New plans for Place Jacques-Cartier criticized by restaurants, artists
Jul 29, 2015
Local merchants say a plan by the Ville-Marie borough to revitalize Place Jacques-Cartier in Old Montreal for the 375th anniversary will have restaurant terrasses and artists moving around the square like figures on a chess board, which will only hurt business.
Almost all the restaurants on both sides of the square popular with tourists have built terrasses in front that serve “alfresco” dining when the weather permits. But according to owners, the borough plans to move the terrasses to the centre of the square, separated from the restaurants by a lane of traffic to free up the façades.
At meetings held Monday and Tuesday with the owners and artists currently occupying the Place Jacques-Cartier, the borough presented the new concept for the square and public spaces in Old Montreal, which was drawn up by the Mile-End firm Atelier Ville Architecture Paysage.
The development is inspired by Barcelona’s famed central street La Rambla, a 1.2-kilometre boulevard with a central pedestrian walkway, which hosts the terrasses of restaurants situated across one-way traffic roads, performance art, kiosks, etc.
“Imagine a server with a serving tray, on a Saturday night when there are fireworks, trying to cross a mob of people to the terrasse. — Jean-Marc Lavoie, director of restaurant Jardin Nelson”
“La Rambla in Barcelona is ‘open’ 11 months out of 12, there’s no rain, they have sunshine,” said Karim Filali, who owns La Marée and La Grande Terrasse restaurants in the square. “Here it rains every second day.”
According to Filali, moving the terrasses to “liberate the facades” is ridiculous.
“The facades are very visible in the winter,” he said. “There are no terrasses, and there are no people.”
No timetable exists yet for the project, said Anik de Repentigny from the Ville-Marie borough. A public consultation will take place by the end of September. No details will be confirmed before then, she said.
“The objective is to make the Place Jacques-Cartier the entrance to Old Montreal for everyone,” de Repentigny wrote in an email. The borough awarded a $94,000 contract to the architecture firm in May.
Ville-Marie would be responsible for the cost of the furniture and installation of the new terrasses, Filali said, but the new plan needs to take into account Montreal’s erratic weather conditions. Terrasses along buildings have natural protection from the wind, and easy access to electricity and heating. Many have protective screens and awnings to shield clients from the rain and cold, as well as multiple levels and ramps because of the square’s slope.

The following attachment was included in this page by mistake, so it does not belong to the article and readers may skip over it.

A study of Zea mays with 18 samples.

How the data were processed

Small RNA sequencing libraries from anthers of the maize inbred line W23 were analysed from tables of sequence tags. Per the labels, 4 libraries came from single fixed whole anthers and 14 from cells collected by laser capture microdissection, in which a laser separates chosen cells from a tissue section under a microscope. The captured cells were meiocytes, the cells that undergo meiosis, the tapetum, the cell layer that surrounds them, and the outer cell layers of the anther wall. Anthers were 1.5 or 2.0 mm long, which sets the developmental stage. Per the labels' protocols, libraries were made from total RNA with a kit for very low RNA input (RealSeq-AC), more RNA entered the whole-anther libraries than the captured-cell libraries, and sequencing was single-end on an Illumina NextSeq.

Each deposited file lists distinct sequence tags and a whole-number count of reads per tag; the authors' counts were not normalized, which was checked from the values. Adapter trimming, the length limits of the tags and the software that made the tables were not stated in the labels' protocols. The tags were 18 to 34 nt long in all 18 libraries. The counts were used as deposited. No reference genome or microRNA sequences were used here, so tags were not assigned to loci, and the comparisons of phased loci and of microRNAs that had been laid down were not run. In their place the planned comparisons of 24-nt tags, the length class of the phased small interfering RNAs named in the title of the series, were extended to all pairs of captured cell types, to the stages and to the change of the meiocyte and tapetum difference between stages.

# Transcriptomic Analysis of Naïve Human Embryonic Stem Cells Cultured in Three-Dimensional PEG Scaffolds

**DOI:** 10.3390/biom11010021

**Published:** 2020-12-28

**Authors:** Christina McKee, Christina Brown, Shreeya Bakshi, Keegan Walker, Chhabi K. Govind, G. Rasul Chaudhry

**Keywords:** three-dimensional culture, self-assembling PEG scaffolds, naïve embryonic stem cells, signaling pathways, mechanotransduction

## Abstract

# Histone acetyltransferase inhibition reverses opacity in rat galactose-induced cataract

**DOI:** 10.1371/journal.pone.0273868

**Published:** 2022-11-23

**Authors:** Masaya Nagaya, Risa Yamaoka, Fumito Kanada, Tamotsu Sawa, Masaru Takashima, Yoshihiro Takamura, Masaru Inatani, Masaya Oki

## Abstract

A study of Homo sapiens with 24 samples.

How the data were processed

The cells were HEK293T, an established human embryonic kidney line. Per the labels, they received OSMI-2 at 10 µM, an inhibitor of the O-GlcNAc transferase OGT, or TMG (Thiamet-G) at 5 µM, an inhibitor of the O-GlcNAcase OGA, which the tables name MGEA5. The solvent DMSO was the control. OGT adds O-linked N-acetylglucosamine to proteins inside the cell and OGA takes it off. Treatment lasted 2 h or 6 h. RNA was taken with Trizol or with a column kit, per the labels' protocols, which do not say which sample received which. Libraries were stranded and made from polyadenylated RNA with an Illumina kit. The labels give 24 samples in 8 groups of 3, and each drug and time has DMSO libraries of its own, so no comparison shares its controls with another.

If the city takes over the expenses for terrasse property and setup, restaurants could save thousands of dollars that go to installation and decoration, but owners still think it “makes no sense.”
Jean-Marc Lavoie, director of restaurant Jardin Nelson, said he fears the city will fail to install the terrasses at the start of the tourist season in April, furniture will likely be damaged, all the terrasses in the centre will look alike, and later, the city will have difficulty storing the patios and equipment.
Add that to the risk of accidents for waiters if the roads are reopened on both sides to traffic.
“Imagine a server with a serving tray, on a Saturday night when there are fireworks, trying to cross a mob of people to the terrasse,” Lavoie said. Restaurants that do have detached terrasses usually don’t offer the full menu, he said.
Jardin Nelson has had its front terrasse since 1998, and Lavoie said it cost roughly $50,000 in material, furniture and flowers. The restaurant employs about 140 people and serves close to 2,000 clients on Saturdays.
“It doesn’t make sense that you would have a study like this, to tell people ‘we’re going to move your terrasse’ without making the effort to consult them,” Lavoie said. If the project goes ahead, he may seek an injunction.
This new plan will also affect the artists currently populating the centre of the square.
Lucien Gobeil has been selling his photographs and paintings in Old Montreal for nearly 50 years along St-Amable St., also known as the Rue des Artistes., which grew to showcase dozens of artists and is in Montreal tour-guide books.
Two years ago, artists were displaced to the centre of Place Jacques-Cartier because of construction for a new hotel and were given large decorated metal containers by the city to hold their work. The new arrangement was supposed to be permanent, Gobeil said, but now the city wants them to move to de la Commune St. Five of 19 artists installed at Place Jacques-Cartier have already agreed to move.
“They don’t want us to go back to St-Amable,” he said, though he and several other artists say the new location has hurt sales. “We’re going to fight (it).”
Place Jacques-Cartier is also where artisans, caricaturists, balloon animal artists and performers work daily and pay around $500 a year for permits. Each group has its own representative at this week’s consultations.
Vincent Pimparé, a magician, spoke for the few street performers in Old Montreal. The plaza once had two spots reserved for performers, he said, but now they can only work near the north end and under the new plan they’ll be moved to the south end of the square.
“They just move us because we can be moved,” Pimparé said. He also suspects he will now have to compete with street performers that get paid to hold free shows near city hall.
What owners and artists all agree on is the need for more public toilets to accommodate visitors, who are directed to the nearby Marché Bonsecours.
“This city wants a baseball team, but they can’t pay for a bathroom,” Gobeil said. “You shouldn’t go to Spain (for inspiration). Go to Quebec City, it’s not far.”